My child is struggling at school


As children settle into their new classroom and adapt to a different teacher, the stresses of their work both in and out of school can lead to frustrations and anger. It doesn’t matter what age they are, they can still find some areas of their work difficult. As a parent you need to be there as a calming influence and to help where you can.

It’s not your fault

When children sit down to do their homework, you might find they get cross and shout at you. This can be hard to deal with, but it’s not because you’ve done anything wrong. If they’re finding something difficult or hard to understand, they will often take their frustrations out on the person closest to them, who they know won’t judge them. If this happens, it’s best to wait until they’ve calmed down and sit with them to go through what’s wrong and where you can help.

Put the work down

There are times when the work just isn’t getting done because your son or daughter is too upset or not in the right mood. Rather than struggling on and making the situation worse, it’s a good idea to let them have a short break. Time away from their work to play, watch television or go outside can help cool them down and make them more relaxed. When they return they are more likely to make an effort, without it turning into a battle.

Don’t push them

It’s not always easy to talk things through with children if they’re too angry or upset. You don’t want to inflame the situation, so wait until the atmosphere is more peaceful before approaching them. Then you can discuss what’s bothering them, whether it’s occurred in school or to do with their homework, and find ways to resolve the issue.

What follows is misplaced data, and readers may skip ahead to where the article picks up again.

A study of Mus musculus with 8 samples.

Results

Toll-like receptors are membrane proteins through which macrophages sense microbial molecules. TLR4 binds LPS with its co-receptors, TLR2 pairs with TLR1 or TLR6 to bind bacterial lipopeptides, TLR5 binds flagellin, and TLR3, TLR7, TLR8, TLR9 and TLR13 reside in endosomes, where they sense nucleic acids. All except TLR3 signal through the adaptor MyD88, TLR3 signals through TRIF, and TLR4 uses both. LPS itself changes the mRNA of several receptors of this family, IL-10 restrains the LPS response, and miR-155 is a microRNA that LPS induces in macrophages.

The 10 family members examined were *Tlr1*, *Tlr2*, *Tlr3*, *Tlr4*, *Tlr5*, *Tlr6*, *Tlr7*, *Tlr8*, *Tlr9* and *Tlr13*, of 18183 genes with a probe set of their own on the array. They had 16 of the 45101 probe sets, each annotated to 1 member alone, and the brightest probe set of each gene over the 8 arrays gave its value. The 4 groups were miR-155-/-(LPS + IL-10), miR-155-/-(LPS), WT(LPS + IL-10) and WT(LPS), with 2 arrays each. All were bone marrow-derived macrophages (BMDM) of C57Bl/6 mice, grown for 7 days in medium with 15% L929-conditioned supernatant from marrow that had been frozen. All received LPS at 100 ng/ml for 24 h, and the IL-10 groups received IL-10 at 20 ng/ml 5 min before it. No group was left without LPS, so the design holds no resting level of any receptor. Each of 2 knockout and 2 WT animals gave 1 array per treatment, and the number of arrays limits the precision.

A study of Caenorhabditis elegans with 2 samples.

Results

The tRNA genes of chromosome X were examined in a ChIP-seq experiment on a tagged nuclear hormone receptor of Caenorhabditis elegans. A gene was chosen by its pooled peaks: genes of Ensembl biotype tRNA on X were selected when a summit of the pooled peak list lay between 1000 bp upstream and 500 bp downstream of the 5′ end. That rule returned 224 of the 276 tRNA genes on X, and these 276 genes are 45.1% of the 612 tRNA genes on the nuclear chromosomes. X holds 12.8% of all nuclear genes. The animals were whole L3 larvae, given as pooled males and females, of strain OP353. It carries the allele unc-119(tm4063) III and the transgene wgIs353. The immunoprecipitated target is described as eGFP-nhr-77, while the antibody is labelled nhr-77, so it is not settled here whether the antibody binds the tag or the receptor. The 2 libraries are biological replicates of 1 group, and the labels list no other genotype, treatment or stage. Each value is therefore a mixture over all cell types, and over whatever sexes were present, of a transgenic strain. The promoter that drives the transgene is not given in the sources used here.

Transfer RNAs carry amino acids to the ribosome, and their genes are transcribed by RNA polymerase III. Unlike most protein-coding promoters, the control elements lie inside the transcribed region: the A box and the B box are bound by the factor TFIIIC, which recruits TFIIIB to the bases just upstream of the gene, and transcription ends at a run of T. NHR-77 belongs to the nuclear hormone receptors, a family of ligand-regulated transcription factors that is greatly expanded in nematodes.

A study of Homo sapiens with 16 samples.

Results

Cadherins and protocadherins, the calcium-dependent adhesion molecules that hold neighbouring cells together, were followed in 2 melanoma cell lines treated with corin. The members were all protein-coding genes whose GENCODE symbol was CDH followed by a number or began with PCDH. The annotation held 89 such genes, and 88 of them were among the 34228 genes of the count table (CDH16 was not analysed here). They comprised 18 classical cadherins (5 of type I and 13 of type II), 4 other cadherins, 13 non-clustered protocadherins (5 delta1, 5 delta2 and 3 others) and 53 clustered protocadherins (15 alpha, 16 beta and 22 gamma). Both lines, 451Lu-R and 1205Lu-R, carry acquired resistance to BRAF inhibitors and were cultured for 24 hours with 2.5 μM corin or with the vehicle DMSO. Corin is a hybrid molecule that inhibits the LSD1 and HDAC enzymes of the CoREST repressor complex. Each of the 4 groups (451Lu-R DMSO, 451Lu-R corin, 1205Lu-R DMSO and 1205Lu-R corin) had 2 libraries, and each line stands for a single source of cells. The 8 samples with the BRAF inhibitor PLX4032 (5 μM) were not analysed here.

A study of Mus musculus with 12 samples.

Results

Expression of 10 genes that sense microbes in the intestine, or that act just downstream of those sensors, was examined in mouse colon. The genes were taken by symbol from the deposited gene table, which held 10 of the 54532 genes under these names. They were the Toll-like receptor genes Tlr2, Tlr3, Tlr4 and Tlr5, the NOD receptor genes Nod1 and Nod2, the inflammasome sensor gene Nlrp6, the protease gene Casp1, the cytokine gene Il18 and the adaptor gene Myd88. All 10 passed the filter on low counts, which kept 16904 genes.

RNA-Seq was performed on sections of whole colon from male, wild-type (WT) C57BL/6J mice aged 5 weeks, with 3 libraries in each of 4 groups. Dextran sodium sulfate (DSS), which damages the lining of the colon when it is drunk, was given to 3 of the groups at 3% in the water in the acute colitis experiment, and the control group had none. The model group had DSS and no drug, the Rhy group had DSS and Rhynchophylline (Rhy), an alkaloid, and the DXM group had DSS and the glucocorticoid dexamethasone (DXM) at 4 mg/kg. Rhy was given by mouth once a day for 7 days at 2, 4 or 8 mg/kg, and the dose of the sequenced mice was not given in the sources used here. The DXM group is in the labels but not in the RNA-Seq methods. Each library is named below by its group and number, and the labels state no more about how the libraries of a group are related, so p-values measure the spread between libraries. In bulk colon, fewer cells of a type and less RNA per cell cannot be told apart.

Don’t do it for them

My child is struggling at schoolWhen homework becomes too much of a struggle, there is the desire to simply do it for them or help them too much. You might want it to be right and look good, but they also need to make mistakes in order to learn from them. By doing the work themselves, it will show the teacher what they know and highlight areas where they need additional support. You can help them to understand the subject or what’s required of them, but then leave them to get on with it.

Have a limit

Younger children shouldn’t be spending hours doing homework, so make sure you monitor how long it’s taking. For primary children 30 minutes is a good time limit and if it seems to be taking too long discuss this with the teacher. It might be that they don’t quite understand what they’re doing. Secondary pupils will have more homework, but you should still keep an eye on what they’re doing.

Become organised

Help your child to be more organised and they will become more efficient with their homework. Provide them with a clean and quiet space to do their work and make sure they know what they need to do and for when.

Talk to the school

Contact the school straight away if you’re having problems. They’re always there to help, whether it’s regarding homework or a problem within school.



About Catherine Stern

About Catherine Stern

Catherine Stern is a freelance writer with a background in marketing and PR. She currently writes web content on a range of subjects, from finance and business to travel and home improvements. As a working single mum of two young boys she understands the pressures that today’s working parents face and the topics they want to read about.